One of the talk-radio stations here in Rockford bills itself as “All Local. All Day.” It is an interesting slogan, in light of increasing reports of the impending failure of local media; it would be even more interesting if it (or a version of it) were not used by hundreds of other talk-radio stations across the United States. The station managers and staff may have the best of intentions, but most of these stations are also part of a national (or regional) chain of media outlets, and the “All Local” format is most often a business decision made in a boardroom far from the studio where it must be turned into reality.
That leads to certain anomalies. For instance, our “All Local” station features a host who lives in, and broadcasts from, Wisconsin—and not just across the border, but about as far away as Chicago is from Rockford. He is a good host, having actually once lived here, and he is quite willing to talk about Rockford news and controversies. Yet there is still something odd about the idea of a “local” show originating from someplace that cannot by any stretch of the imagination be called “local.”
Most of the discussion of the potential demise of local newspapers and other local media has blamed their decline on the rise of the internet. There may be some truth to such assessments, but not in the way in which they are usually framed—namely, that the internet somehow magically provides us with up-to-the-minute news about everything we need to know. In all but the largest cities, it is still hard to find local news on the internet—and, in the largest cities, it is equally hard to find useful news on a scale that could reasonably be called local (i.e., at the level of the extended neighborhood).
Rather, even most self-billed “local” news sites feature a high proportion of national and international news, much of it obtained from wire services. Why go to the website of my local newspaper or TV station to read about Barack Obama’s decision to release Bush-administration torture memos, when I can find everything I need to know on the front page of Google News or the Drudge Report?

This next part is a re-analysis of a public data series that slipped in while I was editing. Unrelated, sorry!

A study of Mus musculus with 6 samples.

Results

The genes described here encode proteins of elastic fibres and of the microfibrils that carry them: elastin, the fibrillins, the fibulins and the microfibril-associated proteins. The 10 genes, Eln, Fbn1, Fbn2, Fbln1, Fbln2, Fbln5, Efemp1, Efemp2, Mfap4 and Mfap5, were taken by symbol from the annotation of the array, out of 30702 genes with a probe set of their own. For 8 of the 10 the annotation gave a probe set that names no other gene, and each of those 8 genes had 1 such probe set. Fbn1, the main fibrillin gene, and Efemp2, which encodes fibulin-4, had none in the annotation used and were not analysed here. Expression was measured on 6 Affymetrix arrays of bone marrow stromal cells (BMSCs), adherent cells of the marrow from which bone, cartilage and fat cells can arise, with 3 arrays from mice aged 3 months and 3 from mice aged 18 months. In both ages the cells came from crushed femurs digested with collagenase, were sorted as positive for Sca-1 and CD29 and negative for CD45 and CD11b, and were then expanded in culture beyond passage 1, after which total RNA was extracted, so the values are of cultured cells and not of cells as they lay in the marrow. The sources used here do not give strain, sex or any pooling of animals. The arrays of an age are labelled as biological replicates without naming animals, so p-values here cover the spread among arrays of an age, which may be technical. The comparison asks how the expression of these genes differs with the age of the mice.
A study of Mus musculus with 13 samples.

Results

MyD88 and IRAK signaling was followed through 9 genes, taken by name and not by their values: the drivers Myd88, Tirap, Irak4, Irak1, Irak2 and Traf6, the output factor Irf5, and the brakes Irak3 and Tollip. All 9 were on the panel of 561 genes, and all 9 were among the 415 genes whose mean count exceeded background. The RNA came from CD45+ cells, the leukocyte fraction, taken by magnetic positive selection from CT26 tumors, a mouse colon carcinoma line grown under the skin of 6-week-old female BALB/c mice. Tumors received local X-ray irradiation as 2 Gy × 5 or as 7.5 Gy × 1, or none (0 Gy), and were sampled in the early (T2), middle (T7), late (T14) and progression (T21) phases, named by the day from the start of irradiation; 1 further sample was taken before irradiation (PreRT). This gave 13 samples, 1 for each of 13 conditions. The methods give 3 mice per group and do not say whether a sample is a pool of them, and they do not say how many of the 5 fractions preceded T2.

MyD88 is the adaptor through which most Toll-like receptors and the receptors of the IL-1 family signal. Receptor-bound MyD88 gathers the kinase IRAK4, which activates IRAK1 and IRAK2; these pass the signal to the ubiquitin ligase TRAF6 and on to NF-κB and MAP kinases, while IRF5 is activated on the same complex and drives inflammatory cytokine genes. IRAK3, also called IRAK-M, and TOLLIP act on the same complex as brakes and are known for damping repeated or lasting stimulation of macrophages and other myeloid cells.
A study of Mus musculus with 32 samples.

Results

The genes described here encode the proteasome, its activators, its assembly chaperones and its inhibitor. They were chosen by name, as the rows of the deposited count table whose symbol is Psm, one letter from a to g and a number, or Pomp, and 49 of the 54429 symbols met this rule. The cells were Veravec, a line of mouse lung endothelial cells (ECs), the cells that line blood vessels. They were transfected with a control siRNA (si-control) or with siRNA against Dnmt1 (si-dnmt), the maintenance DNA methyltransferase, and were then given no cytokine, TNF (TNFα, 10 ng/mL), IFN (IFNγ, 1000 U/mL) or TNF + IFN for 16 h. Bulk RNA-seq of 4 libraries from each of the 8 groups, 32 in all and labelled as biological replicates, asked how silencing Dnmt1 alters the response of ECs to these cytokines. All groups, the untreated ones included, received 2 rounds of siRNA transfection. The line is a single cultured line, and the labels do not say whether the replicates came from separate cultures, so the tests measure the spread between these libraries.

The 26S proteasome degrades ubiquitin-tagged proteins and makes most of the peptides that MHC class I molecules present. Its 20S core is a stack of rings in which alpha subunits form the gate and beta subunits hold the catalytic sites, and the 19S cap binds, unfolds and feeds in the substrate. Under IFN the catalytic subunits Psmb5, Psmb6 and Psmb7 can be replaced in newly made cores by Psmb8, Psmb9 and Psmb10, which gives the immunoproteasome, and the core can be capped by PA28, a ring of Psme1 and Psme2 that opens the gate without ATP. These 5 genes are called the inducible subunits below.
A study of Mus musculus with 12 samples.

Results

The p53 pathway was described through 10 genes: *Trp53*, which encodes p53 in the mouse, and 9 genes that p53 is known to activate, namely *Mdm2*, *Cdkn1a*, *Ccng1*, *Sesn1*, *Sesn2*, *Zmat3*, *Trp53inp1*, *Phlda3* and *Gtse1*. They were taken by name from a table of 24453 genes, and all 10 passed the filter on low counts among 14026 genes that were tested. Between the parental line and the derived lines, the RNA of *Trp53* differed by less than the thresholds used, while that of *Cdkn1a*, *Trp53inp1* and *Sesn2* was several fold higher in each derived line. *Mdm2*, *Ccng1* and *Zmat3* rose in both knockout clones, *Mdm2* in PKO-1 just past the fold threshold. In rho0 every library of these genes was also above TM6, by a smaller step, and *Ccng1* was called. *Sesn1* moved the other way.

Worse yet, why bother watching the “local” news or listening to “local” talk radio or reading a “local” newspaper when much of the content is neither local nor fresh, having been available online for many hours before the program started or the issue went to press (much less showed up on my doorstep)? It is hard to see a bright future for a business model that depends on a customer base that has limited access to the internet (or, at best, limited interest in accessing the internet), since that audience is shrinking every day.
This is the point at which all the “local media is dying” reports claim that the problem is insoluble, that the newspaper is finished, that local TV stations would be better off showing Seinfeld reruns at 6:00 p.m. and local talk radio should give way to the prepackaged musings of Rush Limbaugh or Ed Schultz. Sometimes they halfheartedly suggest one alternative: Local newspapers can transform themselves into online-only publications, and thus compete with Google News for pageviews and, more importantly, the ad impressions that bring in revenue.
All of these assessments are based on the idea that there is no market for anything that is truly local. And when we look around at the homogenization of entertainment and food and everything else under the sun, that argument seems almost unassailable. Almost.
Until we consider the possibility that people aren’t interested in local news sources because there is nothing really local about them. To take just one recent—local!—case in point: On Friday, April 3, Hassan Abujihaad, a former U.S. Navy signalman and a convert to Islam, was sentenced to ten years in prison for revealing classified information on ship movements in the Persian Gulf to the operators of a jihadist website in Great Britain. The local media here in Rockford picked up the story from the newswires and ran it on their websites. For them, it was just another national news story.
Except that it wasn’t. It should have been on the front page of the next day’s Rockford Register Star, and it should have received top billing on the six o’clock news that evening. Why? Because, as longtime readers of Chronicles and this column know, the story depended on a local connection. Abujihaad was at one time the roommate of Derrick Shareef, the local jihadist who hatched a plot in 2006 to toss grenades into the midst of crowds of Christmas shoppers at the largest mall in the Rockford area.
Shareef’s arrest was made possible through the efforts of an FBI informant, and that same informant was able to leverage the fact of the arrest to get Abujihaad to provide, on tape, key evidence that led to the latter’s arrest.
In other words, without the Rockford connection, Abujihaad would likely still be a free man. Rockfordians might well have found that of interest—certainly of more interest than the sentencing alone, which is how all but one local news outlet reported it.
That outlet, TV station WQRF (FOX 39), is to be commended for discussing the local connection, but even they confined it to a two-minute segment on the evening news that aired right before the local sports.
There is a business model for local news, but until newspapers and radio and TV stations take seriously the motto “All Local. All Day,” they will continue to struggle—and to fail.